The story of the monumental life and tragic death of legendary Brazilian motor-racing Champion, Ayrton Senna. Spanning the decade from his arrival in Formula One in the mid 80's, the film follows Senna's struggles both on track against his nemesis, French World Champion Alain Prost, and off it, against the politics which infest the sport. Sublime, spiritual yet, on occasion, ruthless - Senna conquers and transcends Formula One to become a global superstar. Privately, he is humble, almost shy, and fiercely patriotic, donating millions to his native Brasil and contemplating a life beyond motor-racing. Yet he is struck down in his prime on the blackest weekend in the history of the sport, watched live on television by 300 million people. Years on he is revered in Formula One as the greatest motor racing driver of all time - and in Brasil as a Saint. Written by
The producer James Gay-Rees and writer Manish Pandey had a meeting with the family of Ayrton Senna in March 2006. They made a 40-minute presentation about what they would do in the documentary, which convinced them to authorize and support the project. The presentation was called "The Life and Death of Ayrton Senna". See more »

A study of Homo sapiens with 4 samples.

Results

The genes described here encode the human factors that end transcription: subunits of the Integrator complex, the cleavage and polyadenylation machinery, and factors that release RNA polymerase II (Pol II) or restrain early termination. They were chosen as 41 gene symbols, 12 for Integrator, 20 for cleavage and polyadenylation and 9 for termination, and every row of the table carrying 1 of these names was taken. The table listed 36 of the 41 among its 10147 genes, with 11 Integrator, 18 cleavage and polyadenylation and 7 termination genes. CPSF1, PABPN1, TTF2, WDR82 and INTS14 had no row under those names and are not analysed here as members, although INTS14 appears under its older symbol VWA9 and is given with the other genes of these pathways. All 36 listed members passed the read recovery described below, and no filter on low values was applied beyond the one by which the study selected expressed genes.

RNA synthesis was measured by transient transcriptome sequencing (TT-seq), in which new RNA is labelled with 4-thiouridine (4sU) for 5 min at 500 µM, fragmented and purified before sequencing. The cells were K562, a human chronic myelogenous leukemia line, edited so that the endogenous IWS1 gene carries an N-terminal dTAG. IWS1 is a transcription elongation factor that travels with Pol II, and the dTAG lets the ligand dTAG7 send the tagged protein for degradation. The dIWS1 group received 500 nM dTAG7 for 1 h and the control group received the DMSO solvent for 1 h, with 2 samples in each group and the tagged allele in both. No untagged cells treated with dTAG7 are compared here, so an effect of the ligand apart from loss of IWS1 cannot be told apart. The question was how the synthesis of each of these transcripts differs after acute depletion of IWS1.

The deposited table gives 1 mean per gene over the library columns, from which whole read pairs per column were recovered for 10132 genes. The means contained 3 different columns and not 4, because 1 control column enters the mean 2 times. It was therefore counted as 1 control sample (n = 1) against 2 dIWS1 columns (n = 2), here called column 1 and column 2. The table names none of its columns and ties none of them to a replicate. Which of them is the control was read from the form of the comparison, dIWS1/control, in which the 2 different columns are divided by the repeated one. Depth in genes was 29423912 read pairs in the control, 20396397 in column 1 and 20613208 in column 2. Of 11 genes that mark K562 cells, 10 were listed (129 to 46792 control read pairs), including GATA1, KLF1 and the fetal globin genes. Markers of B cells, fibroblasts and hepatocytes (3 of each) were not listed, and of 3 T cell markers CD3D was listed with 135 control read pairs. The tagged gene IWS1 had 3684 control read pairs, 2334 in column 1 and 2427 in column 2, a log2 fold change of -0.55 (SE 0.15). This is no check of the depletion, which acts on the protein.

When the caption introduces the scene as "Monte Carlo Grand Prix, 14th of May 1988", the onboard footage from Senna's McLaren is infact from the same race two years later. (1990) This becomes apparent when Senna is seen lapping the Brabham car driven by Stefano Modena, who in 1988 drove for the Eurobrun team. Static interference appears to cut the clip short to indicate Senna's race ending crash at Portier. There is then a cut to the aftermath of the accident which is footage from the 1988 race; the camera we were watching the onboard from has now vanished, because the MP4/4 that Senna drove in 1988 didn't actually have an onboard camera, unlike the MP4/5 of 1990. Also noteworthy is that the Hugo Boss logo on the side of Senna's helmet inverts from being black text on a white background during onboard footage (1990) to white text on a black background when Senna climbs out. (1988) See more »
I had been a Fan of Ayrton when I was a child. I distinctly remember watching the F1 highlights with my dad. My dad was a seasonal fanatic of sports and kept updating me with the news from the papers/sports magazines and the television.
To relive the moments of Ayrton (the idol) in this emotionally gripping documentary was unbelievably comforting. The script and flow of the events were so flawlessly presented taking one's memory into the Time travel of decade gone by. It was nothing short of Excellence in execution.
The documentary dissects Ayton's persona in a subtle way, making it the most compelling Biography of all times. The back-ground score by Antonio Pinto was Enthralling and Sensual delight.
This is not to be missed, sad that I had been to the cinema only on the final day when it was shown-much regret the delay. Nevertheless, Its a true Masterpiece which portrays the subtle sadness of a legend's demise in a sweet throat stifling moments.